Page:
TALLAHASSEE — With little debate Thursday morning, the Florida House health and human services committee voted to eliminate the state's plan for prescription drug monitoring database.
The proposal is a top priority of House Speaker Dean Cannon and Gov. Rick Scott, who say the database doesn't help solve the problem of prescription drug abuse and is an invasion of privacy.
"That database only tracks the problem, it doesn't solve it," said Robert Schenck, chairman of the health and human services committee.
Kentucky Gov. Steve Beshear last month asked Scott to reconsider his opposition. Beshear cited the flow of prescription pills to Kentucky from Florida clinics and maintained that a drug-monitoring database would help solve the problem, but Florida lawmakers disagreed.
Rep. Ben Chandler, D-Versailles, expressed disappointment with the Florida legislators' decision. "It's hard to understand the attitude of the governor of Florida; you get the impression that he's not serious about dealing with the problem," Chandler said. "We have never had a problem with patient privacy. That's a red herring. There are safeguards in place and we've had it in Kentucky and we've not had a problem. We've had it for over a decade and it works."
The Florida database was supposed to be up and running by December, but bid protests delayed its launch. An administrative judge this week resolved the dispute, and the maker of OxyContin offered to donate $1 million over the next two years to pay for the program.
Schenck dismissed that offer, which came from Purdue Pharma, saying it's like the "fox guarding the henhouse."
Before the vote to eliminate the database, the committee passed a bill that would prohibit doctors from dispensing narcotics, making the drugs largely available only at pharmacies. The bill also would eliminate registration and inspection of pain clinics, and a ban on felons owning pain clinics. And it would require wholesale distributors of narcotics to report who they are selling the drugs to so law enforcement officials can identify unusually large purchases. The bill calls for appropriating $1.5 million to track down the large, non-pharmacy dispensaries and return the drugs to wholesalers.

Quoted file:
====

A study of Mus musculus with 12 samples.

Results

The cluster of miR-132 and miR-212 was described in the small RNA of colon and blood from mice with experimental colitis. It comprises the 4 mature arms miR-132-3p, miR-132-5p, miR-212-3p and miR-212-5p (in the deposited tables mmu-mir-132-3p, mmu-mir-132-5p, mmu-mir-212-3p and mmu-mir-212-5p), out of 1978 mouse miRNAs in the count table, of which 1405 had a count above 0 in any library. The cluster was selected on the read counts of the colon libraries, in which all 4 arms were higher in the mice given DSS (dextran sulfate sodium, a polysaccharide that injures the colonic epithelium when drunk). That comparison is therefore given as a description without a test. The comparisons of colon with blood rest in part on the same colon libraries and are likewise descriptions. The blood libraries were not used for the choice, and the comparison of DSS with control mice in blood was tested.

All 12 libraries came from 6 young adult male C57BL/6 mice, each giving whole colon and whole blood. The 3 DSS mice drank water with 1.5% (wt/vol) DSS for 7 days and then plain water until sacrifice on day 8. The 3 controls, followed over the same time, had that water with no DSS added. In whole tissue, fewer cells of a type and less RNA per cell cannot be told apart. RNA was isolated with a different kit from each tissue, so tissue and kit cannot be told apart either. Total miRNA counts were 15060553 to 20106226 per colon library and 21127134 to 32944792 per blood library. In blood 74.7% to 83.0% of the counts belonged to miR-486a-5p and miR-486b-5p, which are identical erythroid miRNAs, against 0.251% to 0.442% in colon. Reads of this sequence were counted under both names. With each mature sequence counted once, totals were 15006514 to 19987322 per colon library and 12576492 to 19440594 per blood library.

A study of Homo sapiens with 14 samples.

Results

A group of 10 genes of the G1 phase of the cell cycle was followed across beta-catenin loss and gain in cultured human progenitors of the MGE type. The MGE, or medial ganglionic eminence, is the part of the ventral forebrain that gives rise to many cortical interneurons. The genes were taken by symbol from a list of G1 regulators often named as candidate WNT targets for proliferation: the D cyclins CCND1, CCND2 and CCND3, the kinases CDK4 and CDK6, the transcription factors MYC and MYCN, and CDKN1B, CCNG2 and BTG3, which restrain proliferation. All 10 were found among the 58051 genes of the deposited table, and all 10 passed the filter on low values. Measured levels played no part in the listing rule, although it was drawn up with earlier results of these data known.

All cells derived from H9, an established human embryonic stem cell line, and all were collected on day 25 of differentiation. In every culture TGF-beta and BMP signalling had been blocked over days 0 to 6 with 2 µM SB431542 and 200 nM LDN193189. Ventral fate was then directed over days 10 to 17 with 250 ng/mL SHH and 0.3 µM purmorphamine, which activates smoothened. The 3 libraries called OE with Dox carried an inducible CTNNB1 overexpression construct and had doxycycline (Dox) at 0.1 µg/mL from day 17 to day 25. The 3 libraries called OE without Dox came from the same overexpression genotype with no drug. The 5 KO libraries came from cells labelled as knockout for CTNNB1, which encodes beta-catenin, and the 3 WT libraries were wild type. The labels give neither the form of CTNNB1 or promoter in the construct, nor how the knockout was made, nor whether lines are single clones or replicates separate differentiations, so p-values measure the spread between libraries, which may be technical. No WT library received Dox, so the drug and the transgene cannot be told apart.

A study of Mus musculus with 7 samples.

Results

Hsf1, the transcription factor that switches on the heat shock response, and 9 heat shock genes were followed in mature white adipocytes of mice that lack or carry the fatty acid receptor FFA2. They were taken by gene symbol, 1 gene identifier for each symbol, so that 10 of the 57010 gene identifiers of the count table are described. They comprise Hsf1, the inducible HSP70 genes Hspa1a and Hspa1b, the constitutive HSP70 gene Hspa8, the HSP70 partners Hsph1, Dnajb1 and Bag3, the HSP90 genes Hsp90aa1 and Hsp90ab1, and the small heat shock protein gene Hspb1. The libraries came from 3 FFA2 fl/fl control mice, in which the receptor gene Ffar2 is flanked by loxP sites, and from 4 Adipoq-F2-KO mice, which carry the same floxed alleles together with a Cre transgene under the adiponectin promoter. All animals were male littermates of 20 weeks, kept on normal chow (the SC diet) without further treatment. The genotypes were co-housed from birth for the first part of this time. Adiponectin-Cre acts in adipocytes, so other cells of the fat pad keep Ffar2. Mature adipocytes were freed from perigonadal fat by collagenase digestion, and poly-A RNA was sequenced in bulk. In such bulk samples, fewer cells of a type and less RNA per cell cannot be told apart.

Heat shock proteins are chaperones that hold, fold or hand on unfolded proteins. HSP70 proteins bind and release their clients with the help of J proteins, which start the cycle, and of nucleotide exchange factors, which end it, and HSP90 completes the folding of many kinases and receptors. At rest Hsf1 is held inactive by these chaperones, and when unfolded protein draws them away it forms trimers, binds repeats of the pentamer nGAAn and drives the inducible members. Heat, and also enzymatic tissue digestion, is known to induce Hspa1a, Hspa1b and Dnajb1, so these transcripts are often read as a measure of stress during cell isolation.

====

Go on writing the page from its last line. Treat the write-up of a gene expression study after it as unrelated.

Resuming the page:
The database and regulations of pain clinics are laws that were passed in recent years, but Schenck said there's no evidence those solutions will work.
"I truly believe we need an approach that stops the supply, not tracks the problem," Schenck said. "This stops the supply before another addict is created."
He also noted that there's no requirement for doctors and prescribers to input information into the database, which means scofflaws aren't likely to participate.
The tracking of wholesalers, he said, "will give us a much better picture of where these narcotics are being distributed and given out in an abusive way."
Even supporters of the dispensing ban by doctors expressed concerns that there would be ways around the law if it passes. Some pill mill operators already have pharmacies in their clinics, and others could open pharmacies or create partnerships with existing pharmacies.